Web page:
Debt Financing And Football
The combined debts of the European Super League Clubs is an eye watering £7.4 Billion yet they carry on business as normal.
The most puzzling part about football is how the big clubs are always able to spend huge amounts in the transfer market yet already owe hundreds of millions and in some cases billions. How is it possible that these clubs can actually afford to buy any players yet stay within the Fair Play Rules.
How is this Fair play?
UEFA aimed debt | In General, 12 clubs have £5.6 billion of debt. As per UEFA’s definition of financial debt, clubs own £3.5 billion in debt. Cumulative transfer debt is £2.1billion. Moreover, almost all of the financial debt has come from banks (£3.3 bln), compared to only £0.2 bln from owners.
The new Fair play Rules come into effect this month June 2022 which allows clubs to spend 70% of the clubs revenue. This takes into account the clubs salary bill. Up to last month clubs could spend $5 million more than they earned over a 3 year period.
The problem is not that straight forward as clubs are operating in a grey window using debt to purchase players they cannot afford. What this means is at some point the wheels will come off as this is an unsustainable way of doing business. This actually looks lie a genuine ponzi scheme as someone is going to have to pay for this one day as this cannot continue forever.
Tottenham's debt figure is slightly skewed as they are paying off their stadium so that is understandable and actually get relief from the Financial fair play due to this. The UEFA turn a blind eye allowing for an extra 30% relief due to building costs. This is maybe why Real are upgrading their stadium as it actually benefits them bypassing the rules.
Looking back there are not many football clubs that actually make a profit and a prime example is in 2019 Chelsea were the top earners only after having won the Champions League giving them an extra 23 Million otherwise they would have not been looking so great.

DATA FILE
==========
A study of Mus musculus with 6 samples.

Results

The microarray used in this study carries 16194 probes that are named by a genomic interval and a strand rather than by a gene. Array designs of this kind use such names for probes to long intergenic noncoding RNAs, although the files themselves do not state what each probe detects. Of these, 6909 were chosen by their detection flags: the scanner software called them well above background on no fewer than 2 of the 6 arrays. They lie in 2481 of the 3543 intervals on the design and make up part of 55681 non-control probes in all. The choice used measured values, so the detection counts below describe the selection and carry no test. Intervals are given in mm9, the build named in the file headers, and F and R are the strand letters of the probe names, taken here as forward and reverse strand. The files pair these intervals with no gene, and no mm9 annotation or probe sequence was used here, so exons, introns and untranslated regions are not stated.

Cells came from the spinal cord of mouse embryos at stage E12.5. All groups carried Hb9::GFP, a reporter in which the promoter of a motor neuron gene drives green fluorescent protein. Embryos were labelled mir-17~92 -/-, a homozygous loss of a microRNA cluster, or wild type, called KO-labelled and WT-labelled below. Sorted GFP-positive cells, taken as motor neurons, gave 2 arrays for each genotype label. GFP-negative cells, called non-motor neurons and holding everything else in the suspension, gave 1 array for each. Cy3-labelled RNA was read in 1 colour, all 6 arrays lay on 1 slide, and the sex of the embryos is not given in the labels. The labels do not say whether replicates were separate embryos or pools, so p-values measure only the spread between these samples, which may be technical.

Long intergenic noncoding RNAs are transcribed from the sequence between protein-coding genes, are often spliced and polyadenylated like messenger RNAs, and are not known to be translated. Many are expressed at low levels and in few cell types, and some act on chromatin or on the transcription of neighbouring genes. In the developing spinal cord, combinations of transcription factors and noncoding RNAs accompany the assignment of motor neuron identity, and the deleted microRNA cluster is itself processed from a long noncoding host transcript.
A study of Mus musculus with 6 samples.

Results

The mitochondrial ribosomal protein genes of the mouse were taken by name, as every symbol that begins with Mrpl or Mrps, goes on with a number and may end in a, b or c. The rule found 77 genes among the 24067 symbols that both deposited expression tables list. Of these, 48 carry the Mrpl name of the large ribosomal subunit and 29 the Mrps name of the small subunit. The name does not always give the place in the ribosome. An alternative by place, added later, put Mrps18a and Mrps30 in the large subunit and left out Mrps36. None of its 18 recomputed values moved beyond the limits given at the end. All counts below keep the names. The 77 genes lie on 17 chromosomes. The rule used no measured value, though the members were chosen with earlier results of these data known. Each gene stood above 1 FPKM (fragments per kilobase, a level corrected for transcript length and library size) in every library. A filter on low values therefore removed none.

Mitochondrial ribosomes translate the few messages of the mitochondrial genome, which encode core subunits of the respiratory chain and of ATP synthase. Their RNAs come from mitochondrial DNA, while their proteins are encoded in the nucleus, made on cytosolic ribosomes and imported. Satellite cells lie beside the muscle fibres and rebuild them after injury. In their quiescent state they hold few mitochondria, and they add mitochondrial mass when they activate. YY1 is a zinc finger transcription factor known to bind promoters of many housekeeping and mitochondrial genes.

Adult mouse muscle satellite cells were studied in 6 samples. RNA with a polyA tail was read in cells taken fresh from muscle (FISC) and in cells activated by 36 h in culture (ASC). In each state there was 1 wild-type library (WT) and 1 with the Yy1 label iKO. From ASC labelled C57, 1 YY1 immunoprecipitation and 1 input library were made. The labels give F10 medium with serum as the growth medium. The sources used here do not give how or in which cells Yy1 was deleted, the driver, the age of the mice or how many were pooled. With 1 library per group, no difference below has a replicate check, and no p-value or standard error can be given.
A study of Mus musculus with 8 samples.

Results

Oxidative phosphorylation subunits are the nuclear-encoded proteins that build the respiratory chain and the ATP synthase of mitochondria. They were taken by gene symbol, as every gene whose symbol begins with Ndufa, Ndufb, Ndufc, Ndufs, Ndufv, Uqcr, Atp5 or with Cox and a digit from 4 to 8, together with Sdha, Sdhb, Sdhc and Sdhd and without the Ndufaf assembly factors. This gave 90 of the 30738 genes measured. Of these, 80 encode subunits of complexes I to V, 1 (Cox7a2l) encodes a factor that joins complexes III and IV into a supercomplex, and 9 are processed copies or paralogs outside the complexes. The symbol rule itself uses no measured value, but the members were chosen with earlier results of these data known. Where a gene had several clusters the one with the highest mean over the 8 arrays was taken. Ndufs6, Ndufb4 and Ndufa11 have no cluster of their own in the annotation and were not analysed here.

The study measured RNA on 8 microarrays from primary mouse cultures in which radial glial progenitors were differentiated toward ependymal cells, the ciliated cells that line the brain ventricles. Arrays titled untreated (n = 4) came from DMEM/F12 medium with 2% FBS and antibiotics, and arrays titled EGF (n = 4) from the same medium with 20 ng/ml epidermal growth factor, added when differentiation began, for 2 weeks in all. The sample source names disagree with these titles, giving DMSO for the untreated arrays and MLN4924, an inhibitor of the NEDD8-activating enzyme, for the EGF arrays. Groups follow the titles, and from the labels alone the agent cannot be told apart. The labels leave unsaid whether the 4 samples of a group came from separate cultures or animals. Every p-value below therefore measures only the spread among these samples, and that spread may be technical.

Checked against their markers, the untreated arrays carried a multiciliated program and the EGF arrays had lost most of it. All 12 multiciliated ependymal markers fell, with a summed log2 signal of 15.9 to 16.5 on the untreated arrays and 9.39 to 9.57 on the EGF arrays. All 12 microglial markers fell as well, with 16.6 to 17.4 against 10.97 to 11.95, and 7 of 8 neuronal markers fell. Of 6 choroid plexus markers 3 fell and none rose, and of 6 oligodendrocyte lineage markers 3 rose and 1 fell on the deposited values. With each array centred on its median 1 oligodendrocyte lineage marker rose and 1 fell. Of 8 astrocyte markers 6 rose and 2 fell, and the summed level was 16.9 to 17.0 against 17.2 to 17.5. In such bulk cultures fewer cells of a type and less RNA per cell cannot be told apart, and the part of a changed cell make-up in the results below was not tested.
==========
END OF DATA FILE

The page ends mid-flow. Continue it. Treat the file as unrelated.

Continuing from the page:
The problem is a club needs to spend on new players regularly to help grow their fanbases. They need to remain competitive in their leagues plus grow their support. Manchester United forking out $50 million in debt payments each season is nothing compared to where they will be in 10 years time. It makes no difference if you win the trophies as you are spending more than you are earning and that debt will only increase. This is madness and as a business model not one to copy as unless the club gets sold with new owners paying off the debt then at some point UEFA has to step in. Many clubs are arranging new loans each season that are well into the hundreds of millions adding to the debt already owed and at some point someone has to pay for this and the club will suffer along with the fans.
Imagine buying players in the transfer market and you already haven't paid off the last lot of players you purchased. These players are all funded by debt so if a player costs $100 million that isn't exactly true as salaries and debt payments need to cover this players package.
Barcleona - £283 million transfer debt and £180 million staff debt.
Atletico Madrid - £277 million transfer debt and £86 million staff debt.
Manchester United - £149 million transfer debt.
Here are some examples of how healthy clubs really are as they don't own those players and is a form of leasing. This is the loop holes that FIFA needs to close as this is not really sticking to the Fair Play Rules. If this carries on with the new rules imposed this month unless they drastically change their way of doing business this will not be happening within 5 years.